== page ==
Everything is getting “smart” and those ephemeral items that cannot be, get “enhanced”. At the Architechnologist we believe that affecting the experience of the world around us is possible in many ways, current technology gives us three main approaches to evolving our world:
Changing our “input” through augmented reality (AR).
The purest form of technology changing experience itself, AR is the most adaptable, as flexible as the software. Visual AR hardware is in it’s infancy, but potential of systems like Google’s Glass and Epson’s Moverio is evident. Other varieties of augmented reality should not be overlooked: consider specially constructed and synchronized audio that is keyed to specific locations.
Using technology to force the question of reality versus perception, the innovations in this space can (and likely, will) change the common experience by creating experiences that are tailored to the individual and their preferences, also known as their “marketing demographic”.
Adding functionality to physical items, connected devices change the experience by giving the appearance of independent action. Incredible growth and innovation in the “internet of things” (IoT) will be the backbone of the “internet of all”.
The missing piece that could tie the IoT together into the IoA is (still) a clearly defined, highly functional and incredibly stable structure that would also be platform agnostic and some mechanism for it. Currently the platform could be ZigBee, Z-Wave, a “bluetooth mesh” or some combination of them… or it could be something else entirely new. The hardware for the evolved Internet of All will likely be some variation of a network hub, specialized for access to the wide variety of devices.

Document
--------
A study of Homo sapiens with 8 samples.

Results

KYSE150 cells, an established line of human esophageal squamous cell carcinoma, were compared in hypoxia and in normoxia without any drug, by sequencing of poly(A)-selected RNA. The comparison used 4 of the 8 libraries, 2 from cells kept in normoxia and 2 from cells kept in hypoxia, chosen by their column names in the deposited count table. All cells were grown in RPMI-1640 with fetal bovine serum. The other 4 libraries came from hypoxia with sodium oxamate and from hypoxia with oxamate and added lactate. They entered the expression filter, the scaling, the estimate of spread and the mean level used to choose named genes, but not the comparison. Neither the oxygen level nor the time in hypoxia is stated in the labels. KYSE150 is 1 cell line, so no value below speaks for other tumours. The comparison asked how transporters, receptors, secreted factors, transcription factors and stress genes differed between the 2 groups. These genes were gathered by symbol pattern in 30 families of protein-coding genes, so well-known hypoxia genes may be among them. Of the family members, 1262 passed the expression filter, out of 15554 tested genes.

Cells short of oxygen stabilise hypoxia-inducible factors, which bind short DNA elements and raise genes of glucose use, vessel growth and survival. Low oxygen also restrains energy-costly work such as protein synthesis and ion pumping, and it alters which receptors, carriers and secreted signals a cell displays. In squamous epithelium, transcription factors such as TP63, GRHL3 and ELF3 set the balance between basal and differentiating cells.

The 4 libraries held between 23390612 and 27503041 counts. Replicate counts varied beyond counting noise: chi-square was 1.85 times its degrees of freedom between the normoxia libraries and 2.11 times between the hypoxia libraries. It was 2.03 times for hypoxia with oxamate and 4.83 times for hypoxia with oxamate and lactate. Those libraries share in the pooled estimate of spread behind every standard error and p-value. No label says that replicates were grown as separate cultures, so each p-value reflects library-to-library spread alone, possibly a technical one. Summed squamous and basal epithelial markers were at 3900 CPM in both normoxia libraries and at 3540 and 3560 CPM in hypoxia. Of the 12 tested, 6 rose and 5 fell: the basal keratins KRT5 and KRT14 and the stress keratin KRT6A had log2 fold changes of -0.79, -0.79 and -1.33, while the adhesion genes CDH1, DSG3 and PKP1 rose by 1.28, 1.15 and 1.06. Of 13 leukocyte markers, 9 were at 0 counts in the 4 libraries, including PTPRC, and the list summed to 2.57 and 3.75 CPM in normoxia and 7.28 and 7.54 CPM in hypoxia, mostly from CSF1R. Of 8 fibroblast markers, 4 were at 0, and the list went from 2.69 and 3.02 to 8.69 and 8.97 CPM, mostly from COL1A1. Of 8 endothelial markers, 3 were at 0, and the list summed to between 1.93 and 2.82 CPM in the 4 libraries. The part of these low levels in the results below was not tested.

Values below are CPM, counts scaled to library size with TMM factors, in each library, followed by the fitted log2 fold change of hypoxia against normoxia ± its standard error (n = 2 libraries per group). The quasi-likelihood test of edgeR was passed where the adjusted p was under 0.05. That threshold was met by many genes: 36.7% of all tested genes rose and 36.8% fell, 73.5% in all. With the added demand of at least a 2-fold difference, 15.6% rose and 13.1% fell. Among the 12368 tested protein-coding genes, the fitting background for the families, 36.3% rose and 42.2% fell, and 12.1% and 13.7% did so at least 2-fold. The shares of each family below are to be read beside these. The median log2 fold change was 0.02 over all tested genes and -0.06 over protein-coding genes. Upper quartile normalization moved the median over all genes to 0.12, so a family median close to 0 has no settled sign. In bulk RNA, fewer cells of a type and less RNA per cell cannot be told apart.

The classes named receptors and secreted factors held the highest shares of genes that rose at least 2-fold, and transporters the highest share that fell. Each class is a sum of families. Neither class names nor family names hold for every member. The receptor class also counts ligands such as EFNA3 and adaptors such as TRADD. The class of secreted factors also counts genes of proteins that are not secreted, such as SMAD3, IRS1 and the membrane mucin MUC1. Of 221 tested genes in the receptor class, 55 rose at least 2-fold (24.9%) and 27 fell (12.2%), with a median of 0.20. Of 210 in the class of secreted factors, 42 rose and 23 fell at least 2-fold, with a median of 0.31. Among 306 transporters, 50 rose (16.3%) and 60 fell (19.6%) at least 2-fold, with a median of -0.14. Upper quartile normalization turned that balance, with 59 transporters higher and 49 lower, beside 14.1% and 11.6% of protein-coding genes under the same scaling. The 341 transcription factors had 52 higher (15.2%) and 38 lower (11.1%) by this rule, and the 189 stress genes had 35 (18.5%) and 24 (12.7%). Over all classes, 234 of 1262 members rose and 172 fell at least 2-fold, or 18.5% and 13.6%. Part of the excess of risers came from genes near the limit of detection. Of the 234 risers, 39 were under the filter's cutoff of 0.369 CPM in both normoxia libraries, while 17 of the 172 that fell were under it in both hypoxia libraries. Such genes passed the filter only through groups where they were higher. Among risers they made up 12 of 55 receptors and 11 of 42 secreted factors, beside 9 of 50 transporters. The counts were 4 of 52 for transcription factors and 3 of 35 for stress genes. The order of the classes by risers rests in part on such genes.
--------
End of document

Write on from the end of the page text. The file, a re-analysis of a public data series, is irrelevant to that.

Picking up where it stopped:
Quantifying data from our personal actions.
Fitness tracking hardware, aka “wearable technology” is the woefully overlooked piece of the puzzle — the part that puts our physical experience into the equation, rather than just our presence. Action and activity plus the unique, personal input that makes the user more than simple data and larger than the expression “quantified self” could possibly represent.
Creating the “Internet of All”
The combination of these three pieces have the potential to create an augmented/smart/quantified future of personal experiences that are unique to each of us alone and connected to all of us together.
Start with an idealized “internet of things” where most everything is connected to some great big network and, more importantly, work together in an intelligent fashion. Utilizing information from the public internet (time, weather, location, etc) to give the functionality of a simple concierge to the locations that the user commonly visits and a modicum of personalization to every new place that is visited. With the addition of next-next-generation augmented reality (glasses, contact lenses, direct input to the optic nerves or whatever science fiction method you wish to insert), the Internet of All (IoA) moves past being a hyper-convenient world and into one that is ultra-personalized. The appearance of the world that the user is in changes to suit them at the same time that it changes to another’s preferences, since every user will perceive it in their own way. The “secret sauce” that makes the IoA more than window-dressing is the addition of the essential things that distinguishes one user from another, their physical and emotional state… the “self”.
In an IoA world, my experience is exactly what I might want or need it to be, rooms change to suit the work that I am doing. Doors unlock and open as soon as I get near, but only if I am intending to pass through them. Refrigerators make sure that they are stocked with foods of my choosing, but also make suggestions to ensure that my diet is best suited to the activities that are in store for me that day. The potential of the Internet of All lies in it’s completeness, each part improving the function and utility of the others.